In British Columbia, there are many types of child care. Whether or not a child care program needs a licence depends primarily on how many children the program is caring for. By law, if a provider cares for more than two children not related to them they must be licensed. Quality child care programs that provide a safe, healthy and nurturing environment for children can be found in a variety of settings.
In-own-home care is when you arrange for someone to look after your child in your own home. The caregiver may be referred to as a nanny, an au pair or a babysitter. A parent using in-own-home care is considered to be an employer and must contact the Canada Revenue Agency and the BC Workers’ Compensation Board to find out workplace requirements and obligations.
Family child care is the provision of child care in a private home (other than the child’s own home) for one or two children who are unrelated to the caregiver. Exceptions to the number of children in care can be made for sibling groups.
LNR child care providers are not regulated by licensing regulations or monitored by licensing officers, and parents are solely responsible for monitoring the quality of care. LNR family child care providers who have chosen to become a member of their local Child Care Resource and Referral Services (CCRR) have gone through a registration process.
Please contact our office to learn more about the criteria for becoming a Registered Licence-not-Required child care provider.
Licensed child care is monitored by licensing officers and must meet the requirements of provincial child care regulations. Locally, the Child Care Licensing Program is administered under BC’s Community Care Facility Licensing legislation through the Fraser Health Authority. Licensed child care providers must comply with regulations regarding staff qualifications, child/staff ratio, health and safety, space and equipment, and guidance and discipline. Anyone 12 or over who is ordinarily present at a licensed child care facility must go through a criminal record check.
|·||Licensed family child care usually involves one caregiver providing care to a small group of children (no more than seven) in the provider’s own home. The childrens’ ages can range from birth to 12 years.|
|·||Group child care involves a number of staff caring for larger groups of children of a specific age group. There are infant and toddler centres, centres that serve children from 30 months to school entry, and out-of-school centres.|
|·||Preschools also serve children from 30 months to school entry; however, these are part-day programs (four hours maximum) and usually only operate during the school year.|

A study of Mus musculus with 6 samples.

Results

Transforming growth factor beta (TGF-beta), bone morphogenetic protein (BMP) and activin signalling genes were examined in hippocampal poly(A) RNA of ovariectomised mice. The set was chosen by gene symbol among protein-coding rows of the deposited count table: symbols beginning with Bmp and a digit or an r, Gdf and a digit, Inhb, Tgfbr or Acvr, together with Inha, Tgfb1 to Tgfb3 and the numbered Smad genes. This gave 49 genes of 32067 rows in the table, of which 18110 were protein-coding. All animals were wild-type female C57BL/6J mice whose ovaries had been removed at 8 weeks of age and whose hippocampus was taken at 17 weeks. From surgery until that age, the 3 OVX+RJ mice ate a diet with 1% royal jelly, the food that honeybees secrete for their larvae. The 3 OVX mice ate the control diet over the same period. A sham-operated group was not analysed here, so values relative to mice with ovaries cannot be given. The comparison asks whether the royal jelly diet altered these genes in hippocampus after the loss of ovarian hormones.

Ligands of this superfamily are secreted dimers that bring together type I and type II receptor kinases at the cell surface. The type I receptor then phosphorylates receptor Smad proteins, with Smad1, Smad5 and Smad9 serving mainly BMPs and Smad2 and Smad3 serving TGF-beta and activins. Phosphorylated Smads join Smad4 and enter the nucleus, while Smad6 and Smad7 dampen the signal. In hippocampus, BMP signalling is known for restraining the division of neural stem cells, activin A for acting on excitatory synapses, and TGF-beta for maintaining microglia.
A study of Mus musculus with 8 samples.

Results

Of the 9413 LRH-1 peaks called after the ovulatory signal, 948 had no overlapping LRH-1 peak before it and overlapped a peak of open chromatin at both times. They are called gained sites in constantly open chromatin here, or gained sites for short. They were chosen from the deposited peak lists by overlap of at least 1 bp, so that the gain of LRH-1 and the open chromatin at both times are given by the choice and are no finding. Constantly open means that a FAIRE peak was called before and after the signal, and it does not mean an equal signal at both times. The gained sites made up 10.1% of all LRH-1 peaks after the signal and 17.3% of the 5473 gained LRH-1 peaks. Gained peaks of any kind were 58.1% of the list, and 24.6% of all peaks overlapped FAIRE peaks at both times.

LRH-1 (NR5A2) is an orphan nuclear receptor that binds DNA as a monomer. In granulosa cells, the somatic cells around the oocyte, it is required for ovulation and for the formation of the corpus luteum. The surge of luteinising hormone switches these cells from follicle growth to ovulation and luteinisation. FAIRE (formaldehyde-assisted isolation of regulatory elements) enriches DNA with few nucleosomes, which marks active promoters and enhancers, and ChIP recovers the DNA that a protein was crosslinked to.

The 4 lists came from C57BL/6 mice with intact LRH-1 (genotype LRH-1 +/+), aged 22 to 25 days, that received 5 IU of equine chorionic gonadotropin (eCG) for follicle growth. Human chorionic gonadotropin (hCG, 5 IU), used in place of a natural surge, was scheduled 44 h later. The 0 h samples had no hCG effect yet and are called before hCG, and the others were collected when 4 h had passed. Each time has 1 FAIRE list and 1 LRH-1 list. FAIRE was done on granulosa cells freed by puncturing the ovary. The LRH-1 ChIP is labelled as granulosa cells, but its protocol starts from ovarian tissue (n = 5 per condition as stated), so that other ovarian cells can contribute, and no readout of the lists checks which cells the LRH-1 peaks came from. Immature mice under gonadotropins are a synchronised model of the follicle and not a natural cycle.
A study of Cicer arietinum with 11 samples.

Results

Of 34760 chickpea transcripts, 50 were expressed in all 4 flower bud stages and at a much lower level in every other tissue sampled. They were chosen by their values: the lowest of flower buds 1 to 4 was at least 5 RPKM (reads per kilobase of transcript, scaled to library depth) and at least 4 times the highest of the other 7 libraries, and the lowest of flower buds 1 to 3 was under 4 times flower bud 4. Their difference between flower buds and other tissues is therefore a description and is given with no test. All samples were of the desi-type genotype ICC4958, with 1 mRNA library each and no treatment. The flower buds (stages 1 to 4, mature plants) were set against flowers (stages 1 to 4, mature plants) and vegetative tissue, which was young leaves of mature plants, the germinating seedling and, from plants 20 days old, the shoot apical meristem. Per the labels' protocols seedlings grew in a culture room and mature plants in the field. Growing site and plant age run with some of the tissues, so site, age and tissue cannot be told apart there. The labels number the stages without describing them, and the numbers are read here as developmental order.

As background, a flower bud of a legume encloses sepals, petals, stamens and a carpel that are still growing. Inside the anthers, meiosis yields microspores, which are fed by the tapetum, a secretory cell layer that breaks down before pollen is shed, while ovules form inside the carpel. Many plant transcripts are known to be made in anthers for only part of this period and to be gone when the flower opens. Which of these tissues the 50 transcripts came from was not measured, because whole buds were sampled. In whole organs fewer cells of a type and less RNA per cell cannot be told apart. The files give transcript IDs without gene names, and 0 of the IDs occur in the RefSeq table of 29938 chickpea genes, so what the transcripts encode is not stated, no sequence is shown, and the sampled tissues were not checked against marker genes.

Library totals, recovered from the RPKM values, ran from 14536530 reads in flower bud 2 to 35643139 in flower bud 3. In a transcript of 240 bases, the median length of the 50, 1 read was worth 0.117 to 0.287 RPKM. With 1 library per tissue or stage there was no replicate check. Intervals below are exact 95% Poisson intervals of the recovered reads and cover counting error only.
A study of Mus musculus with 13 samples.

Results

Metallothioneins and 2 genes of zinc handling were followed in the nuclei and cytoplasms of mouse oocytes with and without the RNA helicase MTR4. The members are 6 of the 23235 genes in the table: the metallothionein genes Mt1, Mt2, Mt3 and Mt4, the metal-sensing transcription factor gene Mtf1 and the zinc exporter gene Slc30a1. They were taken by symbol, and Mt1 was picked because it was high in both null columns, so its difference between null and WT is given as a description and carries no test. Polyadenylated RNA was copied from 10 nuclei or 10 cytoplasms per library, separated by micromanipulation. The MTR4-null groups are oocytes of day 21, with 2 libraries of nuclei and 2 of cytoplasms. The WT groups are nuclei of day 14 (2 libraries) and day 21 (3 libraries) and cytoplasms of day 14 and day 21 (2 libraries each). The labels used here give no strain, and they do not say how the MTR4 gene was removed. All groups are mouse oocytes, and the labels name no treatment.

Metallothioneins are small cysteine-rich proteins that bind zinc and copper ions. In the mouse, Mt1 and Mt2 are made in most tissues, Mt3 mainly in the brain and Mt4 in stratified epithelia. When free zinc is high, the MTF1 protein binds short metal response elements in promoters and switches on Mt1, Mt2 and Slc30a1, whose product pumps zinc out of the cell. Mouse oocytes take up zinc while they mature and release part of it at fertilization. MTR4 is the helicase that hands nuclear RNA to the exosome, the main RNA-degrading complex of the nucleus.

Staff in group child care facilities have additional training requirements. To learn more about this, and for more information on licensing regulations and how they apply to the different types of licensed child care settings, please refer to the online Parents’ Guide to Selecting Child Care, at: http://www.cf.gov.bc.ca/childcare/publications.htm.
It takes time to find child care that is a good fit for your family. Some considerations that you might want to take into account include:
Is it important that the child care be located along your transportation route? Or are you willing to backtrack or go out of your way? If so, will the extra commute time be a burden on your family or difficult for your child?
Do you want child care located close to your work? Is it important to you that your child is in physical proximity to you during the day? Do you want child care that is located near your home, allowing your child to develop social connections in their own community?
Do you want your child to be the only one being cared for, having the undivided attention of the caregiver? Or do you value opportunities for peer learning and socialization with other children? Do you prefer a small home-like setting or a larger group setting? Are you looking for child care for more than one child? If so, would you prefer your children to be cared for together in the same setting?
Do you need full-time or part-time child care? What hours of care do you need? Do you have a lengthy commute and a long workday? Do you require care in the evenings or on weekends? Do you have rotating shifts? Care outside of typical work days and hours can be more challenging to find, so if this is the case, give yourself extra time to search.
Think about the methods of guidance and discipline you are comfortable with. What methods do you feel help build your child’s self-esteem and encourage positive social relationships? What are your child’s individual needs? Will these be met? What kind of activities does your child enjoy? Will there be opportunities for them to engage in these? What type of communication and feedback do you need from your child care provider?
Child care subsidy is available for those who qualify and are in need of child care or preschool. For information on the Child Care Subsidy program, please visit the government website at www.mcf.gov.bc.ca/childcare/subsidy_promo.htm. If you think you might be eligible, call the Ministry of Children and Family Development at:
1-888-338-6622, or access the Child Care Subsidy Eligibility Evaluator at www.childcaresubsidy.gov.bc.ca/ChildCareSubsidyEvaluator/step00.aspx
Access to the Ministry of Human Resources is also available 24 hours a day, seven days a week through the Automated Telephone Inquiry Line at 1-866-866-0800 (toll-free).